Science, technology, and business are intricately linked. Some universities offer degrees in both business and science. Business keeps up with new scientific developments to relay into improved products and solutions. Read on below for nine nonfiction books that report on connections between entrepreneurship in America and how scientific and technological developments become products.
But first, Since 2012, Lake Forest Reads has encouraged Lake Foresters to come together and read one book with the purpose of fostering literacy, a culture of reading, and a sense of community. Lake Forest Library and community partners present a month-long series of events and activities focusing on themes in the novel, culminating in a Meet the Author event.
Join us this October in reading Her Hidden Genius by Marie Benedict. Explore the work and discoveries of a woman on the frontlines of DNA. We encourage you to deepen your experience with the book by attending events and hosting your own book discussions. Find more information about the book and related events at LFReads.org.
They laughed at Galileo: how great inventors proved their critics wrong by Albert Jack – Jack combines science with history to explore the technological development of humankind over the last millennium. Germs, wire transfers, and oil were all initially considered ridiculous. And its not just technology Jack reviews. Inventions in food, popular culture, Socrates, kitty litter, rubber, and more are each profiled.
Rosalind franklin: the dark lady of DNA by Brenda Maddox – Learn about the woman behind Her Hidden Genius by Maire Benedict in this biography. Meticulously researched, Maddox leads readers through Franklin’s entire life story. Join us on October 10 at Lake Forest Library for a discussion of this title during Nonfiction at Night.
The Space Barons by Christian Davenport – Join Davenport in an adventure following Elon Musk and Jeff Bezos’ twin quests to make space the new frontier for business. Discover the development of both SpaceX and Blue Origin as they start their companies, build, and launch rockets, aim to commercialize space travel, and to put man on Mars.
The master algorithm: how the quest for the ultimate learning machine will remake our world by Pedro Domingos – Everyday, all day, we are continually, and sometimes unknowingly, surrounded by algorithms which use machine learning to give us suggestions it thinks we will like. Machine learning appears in your traffic app, a smart thermostat, yelp, a car’s fuel injection system, pandora, and more. Pick up this book if you are curious about algorithms, how they help us, all about machine learning, and how it has remade the world anew.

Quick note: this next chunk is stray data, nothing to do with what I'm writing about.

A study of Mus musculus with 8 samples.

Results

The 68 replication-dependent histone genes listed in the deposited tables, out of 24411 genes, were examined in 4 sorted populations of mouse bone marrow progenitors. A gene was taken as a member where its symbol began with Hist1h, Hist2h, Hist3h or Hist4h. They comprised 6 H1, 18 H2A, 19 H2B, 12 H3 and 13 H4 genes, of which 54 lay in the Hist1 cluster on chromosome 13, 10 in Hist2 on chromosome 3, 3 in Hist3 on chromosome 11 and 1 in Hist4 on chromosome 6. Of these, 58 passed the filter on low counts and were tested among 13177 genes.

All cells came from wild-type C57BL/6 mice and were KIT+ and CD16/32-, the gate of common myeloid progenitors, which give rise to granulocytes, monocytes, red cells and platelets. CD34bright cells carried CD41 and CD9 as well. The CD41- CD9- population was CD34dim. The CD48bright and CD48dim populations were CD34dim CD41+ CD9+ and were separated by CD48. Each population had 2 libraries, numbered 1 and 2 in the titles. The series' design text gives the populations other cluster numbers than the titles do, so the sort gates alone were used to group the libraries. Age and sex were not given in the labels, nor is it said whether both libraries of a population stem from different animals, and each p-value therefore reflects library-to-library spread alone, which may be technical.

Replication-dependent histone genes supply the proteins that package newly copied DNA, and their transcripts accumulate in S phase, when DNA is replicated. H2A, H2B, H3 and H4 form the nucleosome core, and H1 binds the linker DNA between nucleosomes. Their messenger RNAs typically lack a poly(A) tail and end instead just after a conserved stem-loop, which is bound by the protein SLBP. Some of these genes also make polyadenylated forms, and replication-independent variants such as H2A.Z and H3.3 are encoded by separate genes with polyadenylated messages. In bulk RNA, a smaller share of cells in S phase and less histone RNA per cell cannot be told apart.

Experimentation works: the surprising power of business experiments by Stefan H. Thomke – Discover what a “business experiment” is, why to do them, and how they are deployed and used at many different Fortune 500 companies. Thomke is a Harvard Business Professor, and the book was published by Harvard Business Review Press.
Think like a rocket scientist by Ozan Varol – In this title, discover how to think like Jeff Bezos or Elon Musk – without hearing from either. Varol divides the book into three parts – launch, accelerate, achieve. Deconstruct uncertainty and adopt “moonshot thinking”. Then, ask what if questions, flip flop, and test. Finally, learn from both failure and success and continue on into the unknown. For anyone looking for a book on pursuing success in business.
Strange Harvest: the hidden histories of seven natural objects by Edward Posnett – Posnett has achieved an interdisciplinary yet distinctly popular science work in Strange Harvest. Products covered include Eiderdown, Civet Coffee, Sea Silk, and more. Check out this book for the science but stay for the storytelling and the illuminating economic reporting.
The Big Rich by Bryan Burrough – Follow the rise and fall of four heavyweight Texas Oil families over the span of generations. “The Big Four” include Roy Cullen, Clint Murchison, H. L. Hunt, and Sid Richardson. Each were self-made men that built staggering wealth. Burrough then reveals their lasting legacies today.
Pharma: greed, lies, and the poisoning of America by Gerald Posner – Join Posner in reading a history of American pharmaceuticals. Chapter one starts out with a bang with the discovery of a superbug. Posner then retreats into the beginnings of the American pharma industry in the mid-1800s with the launch of Charles Pfizer and Company. Discover “the pill”, development of generics, AIDS, and more. It is a long read but worth it for the patient reader.